Many of the Christian faith have said, well, that’s okay, contraception is okay. It’s not okay. It’s a license to do things in a sexual realm that is counter to how things are supposed to be.
Hey, lunatic, get out of my vagina.
Rick Santorum: valiantly taking a stand against something that 99% of American women use.
Health and Human Services Secretary Kathleen Sebelius on Wednesday overruled the Food and Drug Administration’s decision that emergency contraceptives be sold freely over the counter, including to teenagers 16 years old and younger.
The pill, called Plan B One-Step, has been available without a prescription to women 17 and older, but those 16 and younger have needed a prescription — and still will because of Ms. Sebelius’s decision. In some states, pharmacists can write the prescription on the spot for teenagers. But the restrictions have meant the pills were only dispensed from behind the counter — making them more difficult for everyone to get.
The pill, if taken after unprotected sex, halves the risk of a pregnancy. Under the law, Ms. Sebelius has the authority to overrule the agency, but no health secretary has ever done so, according to an F.D.A. spokeswoman. Her decision on an emotional issue that touches on parental involvement in birth control for teenaged children is likely to have powerful political reverberations in a presidential election season.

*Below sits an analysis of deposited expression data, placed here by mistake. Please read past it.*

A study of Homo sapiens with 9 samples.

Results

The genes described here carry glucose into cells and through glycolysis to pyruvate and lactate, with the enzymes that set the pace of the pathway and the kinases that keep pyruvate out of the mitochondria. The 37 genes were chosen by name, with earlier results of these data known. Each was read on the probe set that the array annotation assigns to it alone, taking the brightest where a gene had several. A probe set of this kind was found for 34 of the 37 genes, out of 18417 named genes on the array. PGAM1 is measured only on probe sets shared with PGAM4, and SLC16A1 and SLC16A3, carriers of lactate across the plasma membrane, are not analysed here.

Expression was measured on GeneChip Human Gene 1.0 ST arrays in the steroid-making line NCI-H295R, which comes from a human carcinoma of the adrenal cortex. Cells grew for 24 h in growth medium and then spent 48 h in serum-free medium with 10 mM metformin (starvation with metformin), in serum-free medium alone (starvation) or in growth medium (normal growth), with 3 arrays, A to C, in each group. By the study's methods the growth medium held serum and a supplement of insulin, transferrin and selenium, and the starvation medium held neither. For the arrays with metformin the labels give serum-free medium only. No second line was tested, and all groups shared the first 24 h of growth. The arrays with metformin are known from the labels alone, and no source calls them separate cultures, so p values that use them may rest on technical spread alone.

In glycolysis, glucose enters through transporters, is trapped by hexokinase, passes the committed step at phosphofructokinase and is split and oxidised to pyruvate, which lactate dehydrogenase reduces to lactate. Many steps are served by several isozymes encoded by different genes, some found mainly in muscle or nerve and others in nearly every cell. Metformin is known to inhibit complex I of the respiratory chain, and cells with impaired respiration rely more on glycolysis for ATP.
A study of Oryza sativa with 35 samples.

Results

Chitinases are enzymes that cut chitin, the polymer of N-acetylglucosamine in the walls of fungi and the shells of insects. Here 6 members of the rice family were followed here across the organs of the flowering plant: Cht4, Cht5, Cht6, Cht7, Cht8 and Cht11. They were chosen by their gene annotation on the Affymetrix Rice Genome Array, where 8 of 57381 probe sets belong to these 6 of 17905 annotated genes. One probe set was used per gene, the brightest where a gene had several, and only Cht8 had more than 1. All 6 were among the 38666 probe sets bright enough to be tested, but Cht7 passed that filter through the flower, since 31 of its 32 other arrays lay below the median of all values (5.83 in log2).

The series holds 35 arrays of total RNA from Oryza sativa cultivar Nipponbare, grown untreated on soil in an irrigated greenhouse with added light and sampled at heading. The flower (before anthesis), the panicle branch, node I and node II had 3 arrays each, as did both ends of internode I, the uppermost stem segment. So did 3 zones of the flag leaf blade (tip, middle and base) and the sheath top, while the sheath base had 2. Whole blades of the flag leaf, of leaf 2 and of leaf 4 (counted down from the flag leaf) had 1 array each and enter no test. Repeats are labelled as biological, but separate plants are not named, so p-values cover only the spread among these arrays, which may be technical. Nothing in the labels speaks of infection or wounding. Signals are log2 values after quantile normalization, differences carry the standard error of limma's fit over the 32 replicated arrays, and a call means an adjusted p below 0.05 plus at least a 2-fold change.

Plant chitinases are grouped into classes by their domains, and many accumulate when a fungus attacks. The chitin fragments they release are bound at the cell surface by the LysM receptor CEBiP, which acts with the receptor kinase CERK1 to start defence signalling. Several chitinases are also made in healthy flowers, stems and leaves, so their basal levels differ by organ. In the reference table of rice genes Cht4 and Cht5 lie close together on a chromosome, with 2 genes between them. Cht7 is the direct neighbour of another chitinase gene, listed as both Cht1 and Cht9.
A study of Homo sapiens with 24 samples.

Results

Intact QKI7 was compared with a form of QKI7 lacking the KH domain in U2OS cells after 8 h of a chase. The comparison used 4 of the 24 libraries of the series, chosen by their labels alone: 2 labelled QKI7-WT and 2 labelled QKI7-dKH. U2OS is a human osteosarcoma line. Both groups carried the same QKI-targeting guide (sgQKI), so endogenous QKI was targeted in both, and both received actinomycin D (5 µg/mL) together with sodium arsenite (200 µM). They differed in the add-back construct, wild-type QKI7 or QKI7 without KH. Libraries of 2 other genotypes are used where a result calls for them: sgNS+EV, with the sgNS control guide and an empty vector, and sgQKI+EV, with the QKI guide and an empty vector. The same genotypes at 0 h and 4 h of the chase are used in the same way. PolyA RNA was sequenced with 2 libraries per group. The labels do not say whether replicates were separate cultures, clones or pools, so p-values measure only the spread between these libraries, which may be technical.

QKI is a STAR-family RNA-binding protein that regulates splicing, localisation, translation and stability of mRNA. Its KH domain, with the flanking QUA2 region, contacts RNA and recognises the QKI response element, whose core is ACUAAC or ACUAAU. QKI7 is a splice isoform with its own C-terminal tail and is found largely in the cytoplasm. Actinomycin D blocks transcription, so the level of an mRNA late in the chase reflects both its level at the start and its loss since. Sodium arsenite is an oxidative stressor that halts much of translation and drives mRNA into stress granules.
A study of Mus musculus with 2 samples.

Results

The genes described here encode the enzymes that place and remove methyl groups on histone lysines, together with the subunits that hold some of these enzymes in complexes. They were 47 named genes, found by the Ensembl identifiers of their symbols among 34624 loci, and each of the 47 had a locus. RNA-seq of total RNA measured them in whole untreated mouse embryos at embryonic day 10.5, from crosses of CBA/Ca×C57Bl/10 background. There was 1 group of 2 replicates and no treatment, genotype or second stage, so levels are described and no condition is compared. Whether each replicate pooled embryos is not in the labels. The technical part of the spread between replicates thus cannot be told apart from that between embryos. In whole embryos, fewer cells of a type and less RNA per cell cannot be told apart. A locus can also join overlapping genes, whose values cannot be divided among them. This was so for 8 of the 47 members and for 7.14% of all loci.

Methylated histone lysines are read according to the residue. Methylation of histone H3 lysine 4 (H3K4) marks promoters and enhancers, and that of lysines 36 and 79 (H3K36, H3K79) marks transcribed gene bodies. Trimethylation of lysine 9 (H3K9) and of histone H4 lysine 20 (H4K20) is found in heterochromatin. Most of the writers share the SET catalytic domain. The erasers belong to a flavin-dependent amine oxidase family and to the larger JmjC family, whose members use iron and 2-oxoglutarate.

Dear Kathleen Sebelius: I used to like you, but we are no longer friends.
Traditionally, support for birth control was bipartisan. The Roman Catholic hierarchy was opposed, but Republican presidents like Richard Nixon and George H.W. Bush provided strong support. Then family planning became tarnished by overzealous and coercive programs in China and India, and contraception became entangled in America’s abortion wars. Many well-meaning religious conservatives turned against it, and funding lagged. The result was, paradoxically, more abortions. When contraception is unavailable, the likely consequence is not less sex, but more pregnancy.
Contraception already prevents 112 million abortions a year, by U.N. estimates. The United Nations Population Fund is a bête noire for conservatives, but its promotion of contraception means that it may have reduced abortions more than any organization in the world.
Sometimes I think Nicholas Kristof is the only smart person left.